Thursday, January 5, 2012

This week's column

Dude, where's my hover board?
It’s 2012 and many of you might be asking, “Where’s my flying car?”
A good question indeed.
If you are a fan of the science fiction genre, there are many things you might have expected to have by now. For example, when Marty McFly goes into the future in “Back to the Future II,” he goes to the year 2015. That’s only three years from now and we were expected to have flying cars, hover boards, self-drying clothes and automatic lace-up shoes, among other things. As of now, that doesn’t look much like a reality in three short years.
We’re not powering our flying DeLoreans with garbage either. The closest we get to that kind of “green” technology is the electric car, which in reality has been around a while; it’s just been improved a bit.
“Blade Runner” takes place in 2019, also featuring flying cars. While that’s still seven years into the future, too, it might be a stretch. Will we also have human-looking replicants, clones or androids, and will they dream of electric sleep? If you got that reference, you have my nerdish respect.
What about “2001: A Space Odyssey?” We don’t have major space travel, hyper sleep or Hal. Computers have come a long way but not to the state of Hal. Well, maybe that’s a good thing.
Not really given a 2012 creation date in sci-fi films, we also do not have food particlizers, time travel, laser weapons or any sort of robot that looks like those in the movies. And without holographic messaging, how in the world could anyone let Obi-Wan know he is their only hope?
Sci-fi films also often gave a somewhat bleak picture of what our world would look like in 2012. As in “12 Monkeys,” a virus would have wiped out most of mankind by now. And in “The Matrix,” the machines took over in the early 21st century and humans became batteries.And don’t forget “The Terminator” and Skynet. The computers would have become self-aware, eventually taking over in 1997, 2004 or 2011, depending on which timeline you follow.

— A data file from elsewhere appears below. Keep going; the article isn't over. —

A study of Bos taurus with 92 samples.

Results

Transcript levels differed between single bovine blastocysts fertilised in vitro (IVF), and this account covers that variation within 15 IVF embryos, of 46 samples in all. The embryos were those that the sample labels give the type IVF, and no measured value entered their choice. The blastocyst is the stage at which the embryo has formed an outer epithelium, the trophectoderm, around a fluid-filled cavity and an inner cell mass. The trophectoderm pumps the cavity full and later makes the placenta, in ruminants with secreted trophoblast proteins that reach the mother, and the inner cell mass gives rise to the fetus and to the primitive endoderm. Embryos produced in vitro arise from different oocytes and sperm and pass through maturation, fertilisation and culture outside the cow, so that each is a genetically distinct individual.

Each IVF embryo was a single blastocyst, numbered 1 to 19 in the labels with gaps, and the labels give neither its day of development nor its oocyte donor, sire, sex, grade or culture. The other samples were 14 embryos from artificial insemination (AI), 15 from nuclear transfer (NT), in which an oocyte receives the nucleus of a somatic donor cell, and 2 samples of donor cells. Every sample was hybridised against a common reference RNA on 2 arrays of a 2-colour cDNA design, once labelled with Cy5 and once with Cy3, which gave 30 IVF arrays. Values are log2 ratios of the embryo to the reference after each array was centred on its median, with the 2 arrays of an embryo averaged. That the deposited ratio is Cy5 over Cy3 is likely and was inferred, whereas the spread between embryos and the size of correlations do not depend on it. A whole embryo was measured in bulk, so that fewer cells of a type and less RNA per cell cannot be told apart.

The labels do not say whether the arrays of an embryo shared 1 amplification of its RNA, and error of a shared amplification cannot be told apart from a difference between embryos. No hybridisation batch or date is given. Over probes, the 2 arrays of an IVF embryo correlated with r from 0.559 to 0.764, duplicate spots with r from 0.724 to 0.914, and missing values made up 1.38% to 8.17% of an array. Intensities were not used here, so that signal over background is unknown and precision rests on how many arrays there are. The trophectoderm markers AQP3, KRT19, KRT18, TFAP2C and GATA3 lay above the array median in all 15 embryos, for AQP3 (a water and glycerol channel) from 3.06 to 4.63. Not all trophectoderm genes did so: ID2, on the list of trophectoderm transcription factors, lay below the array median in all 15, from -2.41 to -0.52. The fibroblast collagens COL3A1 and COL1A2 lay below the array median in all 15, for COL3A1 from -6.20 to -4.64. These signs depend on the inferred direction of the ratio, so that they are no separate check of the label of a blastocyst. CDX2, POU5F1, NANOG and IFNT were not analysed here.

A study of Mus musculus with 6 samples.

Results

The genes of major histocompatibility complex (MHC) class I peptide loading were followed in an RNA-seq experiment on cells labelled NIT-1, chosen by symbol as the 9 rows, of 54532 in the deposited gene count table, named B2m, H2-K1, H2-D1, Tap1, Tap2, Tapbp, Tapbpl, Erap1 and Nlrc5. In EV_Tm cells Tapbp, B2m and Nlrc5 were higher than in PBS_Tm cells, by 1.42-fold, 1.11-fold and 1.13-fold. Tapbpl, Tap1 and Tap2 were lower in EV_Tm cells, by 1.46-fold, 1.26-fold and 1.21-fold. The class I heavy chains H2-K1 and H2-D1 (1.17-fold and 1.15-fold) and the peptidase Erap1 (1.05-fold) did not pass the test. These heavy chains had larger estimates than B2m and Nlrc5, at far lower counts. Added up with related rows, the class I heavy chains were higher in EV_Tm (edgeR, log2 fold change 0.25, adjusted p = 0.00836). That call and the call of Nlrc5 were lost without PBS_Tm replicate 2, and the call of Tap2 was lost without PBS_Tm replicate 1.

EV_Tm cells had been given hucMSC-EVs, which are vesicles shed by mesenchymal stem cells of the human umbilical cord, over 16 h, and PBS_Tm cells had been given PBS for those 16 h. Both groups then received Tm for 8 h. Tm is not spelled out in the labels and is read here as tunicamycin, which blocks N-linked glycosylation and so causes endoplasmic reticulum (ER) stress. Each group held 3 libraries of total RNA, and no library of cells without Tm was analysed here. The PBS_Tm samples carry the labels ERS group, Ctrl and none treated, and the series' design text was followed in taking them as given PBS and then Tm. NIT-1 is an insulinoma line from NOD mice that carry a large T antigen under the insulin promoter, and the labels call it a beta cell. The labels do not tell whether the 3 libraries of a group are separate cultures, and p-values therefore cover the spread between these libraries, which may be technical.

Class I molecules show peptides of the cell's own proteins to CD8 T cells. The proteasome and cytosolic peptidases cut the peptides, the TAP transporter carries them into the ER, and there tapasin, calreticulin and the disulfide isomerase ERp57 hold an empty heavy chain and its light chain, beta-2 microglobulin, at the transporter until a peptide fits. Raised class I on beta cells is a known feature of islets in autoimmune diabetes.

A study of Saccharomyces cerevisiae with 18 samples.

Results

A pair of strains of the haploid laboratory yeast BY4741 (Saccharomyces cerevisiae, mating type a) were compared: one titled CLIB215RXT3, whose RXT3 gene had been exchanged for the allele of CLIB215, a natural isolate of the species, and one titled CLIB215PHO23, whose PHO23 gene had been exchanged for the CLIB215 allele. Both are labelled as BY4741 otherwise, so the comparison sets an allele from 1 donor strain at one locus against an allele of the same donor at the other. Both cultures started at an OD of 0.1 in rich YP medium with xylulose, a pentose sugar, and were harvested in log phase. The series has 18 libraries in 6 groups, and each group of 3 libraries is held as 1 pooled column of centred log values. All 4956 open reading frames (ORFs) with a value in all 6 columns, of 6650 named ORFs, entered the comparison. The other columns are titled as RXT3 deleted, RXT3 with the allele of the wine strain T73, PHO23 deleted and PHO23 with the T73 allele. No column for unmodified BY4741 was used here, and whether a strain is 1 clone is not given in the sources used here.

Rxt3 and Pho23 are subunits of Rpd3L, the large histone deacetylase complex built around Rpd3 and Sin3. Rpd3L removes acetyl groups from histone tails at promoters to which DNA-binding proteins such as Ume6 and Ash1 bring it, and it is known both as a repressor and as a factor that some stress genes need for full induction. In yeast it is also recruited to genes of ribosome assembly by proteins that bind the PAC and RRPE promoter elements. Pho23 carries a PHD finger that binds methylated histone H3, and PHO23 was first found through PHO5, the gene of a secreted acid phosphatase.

Maybe I should be nicer to my computer.
In more modern versions of sci-fi, the threat of a world destroyed by nuclear war has been replaced by a view that the world will be destroyed by some sort of man-created natural disaster.
But we do have a few things seen in sci-fi in the past. We have communicators that can fit in the palm of our hands and flip open to talk to anyone. They’re called cellphones. Anyone else out there remember the early days of mobile phones that were in a bag you had to get out of your car to use?
Think of the technology that’s held in the palm of our hands. The data that used to be stored in computers that took up entire rooms now can be carried around with you. It’s mind-blowing.
We also have hands-free voice commands. While the intelligence and independence of Hal is not a realization, we literally can talk to our computers, cars and other devices with voice-command technology. We can sit in our cars and tell our radio to come on or tell our phone to dial a number.
The technology that reminds me most of a sci-fi film is touch-screen technology. Not that long ago, sci-fi films showed a future where you can move and transfer data on a screen by touch. My iPod Touch makes me see the reality of how the creative minds of past sci-fi films could see the possibility of the future.
It’s kind of cool when you think back.
We might not have flying cars yet, but ten years ago I didn’t imagine a touch-screen tablet as a reality either. Who knows what 2012 or the near future can bring?
Maybe one day we will teleport, travel to the far reaches of space — if NASA gets funding again — or ride on hovering skateboards? According to “Star Trek: First Contact,” we’ll have warp drive by 2063. Well have to check back on that one in 51 years.